We all find rping characters of our own gender easier than characters of a different gender. But despite this, we're all asked to work through it. We need to grow, and writers and rpers and storytellers, and not just do what's in our comfort zone. And I really do think that's good for us.
I've always imagined that trans and NB issues are more intense, and more painful, and orientation issues. I think I've heard trans and NB suicide rates are higher than those of non-straight-but-cis people. Your orientation only matters in relation to other people. It's about who you like, but you, yourself, alone, is more or less unaffected by it. It only comes into question when you like someone else — which is only sometimes. Your whole day isn't about people you're attracted to — you eat breakfast, you do your work, you brush your teeth. Where as your gender or lack of is you. It's part of who you are, regardless of other people. You're you ever instant of every day. It's a bigger deal.
If gender is a bigger part of who you are than your sexuality, why is rping characters of a different gender than you a smaller deal than rping characters of a different sexuality than you?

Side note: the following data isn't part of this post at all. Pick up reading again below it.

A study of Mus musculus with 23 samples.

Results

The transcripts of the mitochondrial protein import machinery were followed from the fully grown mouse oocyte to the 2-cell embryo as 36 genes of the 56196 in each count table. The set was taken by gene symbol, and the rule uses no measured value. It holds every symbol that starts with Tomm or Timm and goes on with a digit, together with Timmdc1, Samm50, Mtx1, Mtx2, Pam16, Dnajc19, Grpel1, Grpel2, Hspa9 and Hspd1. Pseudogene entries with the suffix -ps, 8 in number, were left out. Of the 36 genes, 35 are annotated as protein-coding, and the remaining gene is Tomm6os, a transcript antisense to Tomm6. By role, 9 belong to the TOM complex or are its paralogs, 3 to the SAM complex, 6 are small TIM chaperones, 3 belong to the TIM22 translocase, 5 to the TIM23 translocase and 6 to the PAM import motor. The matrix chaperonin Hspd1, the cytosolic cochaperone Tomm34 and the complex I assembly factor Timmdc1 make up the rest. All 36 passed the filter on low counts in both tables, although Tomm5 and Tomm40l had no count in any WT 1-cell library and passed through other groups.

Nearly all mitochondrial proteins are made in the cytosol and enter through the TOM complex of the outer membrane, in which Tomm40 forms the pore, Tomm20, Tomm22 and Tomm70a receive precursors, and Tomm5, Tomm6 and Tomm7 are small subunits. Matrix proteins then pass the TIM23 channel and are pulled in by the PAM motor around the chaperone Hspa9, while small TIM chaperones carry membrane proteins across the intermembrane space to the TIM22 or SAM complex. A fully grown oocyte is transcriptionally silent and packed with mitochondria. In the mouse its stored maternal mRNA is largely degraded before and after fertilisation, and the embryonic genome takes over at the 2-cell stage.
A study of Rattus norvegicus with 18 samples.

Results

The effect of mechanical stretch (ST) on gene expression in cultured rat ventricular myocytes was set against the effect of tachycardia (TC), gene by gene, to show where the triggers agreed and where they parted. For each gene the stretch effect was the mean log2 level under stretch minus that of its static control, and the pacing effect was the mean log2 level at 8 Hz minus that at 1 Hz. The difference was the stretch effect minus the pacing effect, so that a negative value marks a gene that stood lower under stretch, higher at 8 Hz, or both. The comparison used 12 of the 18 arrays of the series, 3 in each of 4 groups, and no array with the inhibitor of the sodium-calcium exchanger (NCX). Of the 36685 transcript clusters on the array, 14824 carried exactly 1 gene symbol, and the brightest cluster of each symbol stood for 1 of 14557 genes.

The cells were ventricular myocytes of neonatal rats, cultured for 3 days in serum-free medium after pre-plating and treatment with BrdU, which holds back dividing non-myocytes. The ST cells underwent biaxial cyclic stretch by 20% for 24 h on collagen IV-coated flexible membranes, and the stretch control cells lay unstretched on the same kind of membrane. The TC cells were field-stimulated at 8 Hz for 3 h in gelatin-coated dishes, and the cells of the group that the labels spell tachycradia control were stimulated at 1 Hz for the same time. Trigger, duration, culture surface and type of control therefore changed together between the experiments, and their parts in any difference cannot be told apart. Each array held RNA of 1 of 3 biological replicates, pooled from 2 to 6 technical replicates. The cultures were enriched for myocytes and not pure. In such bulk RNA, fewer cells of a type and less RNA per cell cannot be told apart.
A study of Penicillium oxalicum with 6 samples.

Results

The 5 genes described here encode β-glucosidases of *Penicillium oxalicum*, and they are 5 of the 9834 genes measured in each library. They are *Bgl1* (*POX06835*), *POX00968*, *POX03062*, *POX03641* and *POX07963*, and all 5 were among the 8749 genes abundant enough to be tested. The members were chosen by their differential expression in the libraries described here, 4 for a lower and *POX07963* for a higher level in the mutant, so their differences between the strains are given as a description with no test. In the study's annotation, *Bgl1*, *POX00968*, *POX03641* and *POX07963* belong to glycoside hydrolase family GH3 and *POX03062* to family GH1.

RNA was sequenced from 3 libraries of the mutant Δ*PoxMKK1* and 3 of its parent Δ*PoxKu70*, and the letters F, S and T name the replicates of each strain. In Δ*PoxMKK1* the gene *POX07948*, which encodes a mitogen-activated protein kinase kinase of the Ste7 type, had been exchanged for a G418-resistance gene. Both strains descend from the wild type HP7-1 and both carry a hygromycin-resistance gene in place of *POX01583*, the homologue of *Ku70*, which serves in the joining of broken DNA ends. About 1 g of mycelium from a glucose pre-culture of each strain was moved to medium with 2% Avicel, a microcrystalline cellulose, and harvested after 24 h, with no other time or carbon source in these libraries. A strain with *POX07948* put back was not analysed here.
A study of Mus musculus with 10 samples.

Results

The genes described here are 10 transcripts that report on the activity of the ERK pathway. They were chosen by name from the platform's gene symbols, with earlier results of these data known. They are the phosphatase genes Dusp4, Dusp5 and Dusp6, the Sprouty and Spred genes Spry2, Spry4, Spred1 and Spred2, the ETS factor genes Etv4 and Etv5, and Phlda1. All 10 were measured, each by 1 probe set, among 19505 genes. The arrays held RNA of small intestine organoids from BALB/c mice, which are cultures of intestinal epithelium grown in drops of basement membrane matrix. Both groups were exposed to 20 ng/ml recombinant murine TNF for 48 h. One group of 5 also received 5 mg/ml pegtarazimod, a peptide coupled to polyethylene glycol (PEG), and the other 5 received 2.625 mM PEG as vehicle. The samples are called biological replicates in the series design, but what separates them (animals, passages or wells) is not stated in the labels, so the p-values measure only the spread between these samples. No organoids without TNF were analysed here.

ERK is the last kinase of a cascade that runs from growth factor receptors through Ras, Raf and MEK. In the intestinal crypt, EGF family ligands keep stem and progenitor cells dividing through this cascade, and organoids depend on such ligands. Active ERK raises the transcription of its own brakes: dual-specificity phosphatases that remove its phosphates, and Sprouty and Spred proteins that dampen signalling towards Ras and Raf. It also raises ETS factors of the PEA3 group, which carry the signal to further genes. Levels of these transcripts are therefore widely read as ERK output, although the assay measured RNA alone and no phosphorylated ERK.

I only recently learned of the terms gynosexual and androsexual. It really made me stop and think. Why do we group people by their own gender in relation to the gender they like? Straight guys and lesbians all like girls — they're all gynosexual. So why aren't they categorized together more often?
If you're a straight girl, how is rping a straight guy — who is a different gender than you and is attracted to a diffent gender than you — harder than rping a gay guy? He's a different gender, yes, but he's the same sexuality. It's got to be easier to rp 1 difference than 2.
I really really don't want to restart the how-many-gay-chars conflict, but I was thinking about how then, Jay's argument was that she didn't feel conformable rping chars of a different sexuality than hers. Echo said the same. But because Echo's straight, so her characters are statistically more likely to be like her, and so therefore Echo started no conflicts, even thought she was saying the exact same thing as Jay.
Yes, I know the how-many-gay-chars conflict wasn't really about sexuality; it was about variety, and not making your characters all the same as each other. But this is still something it made me think about.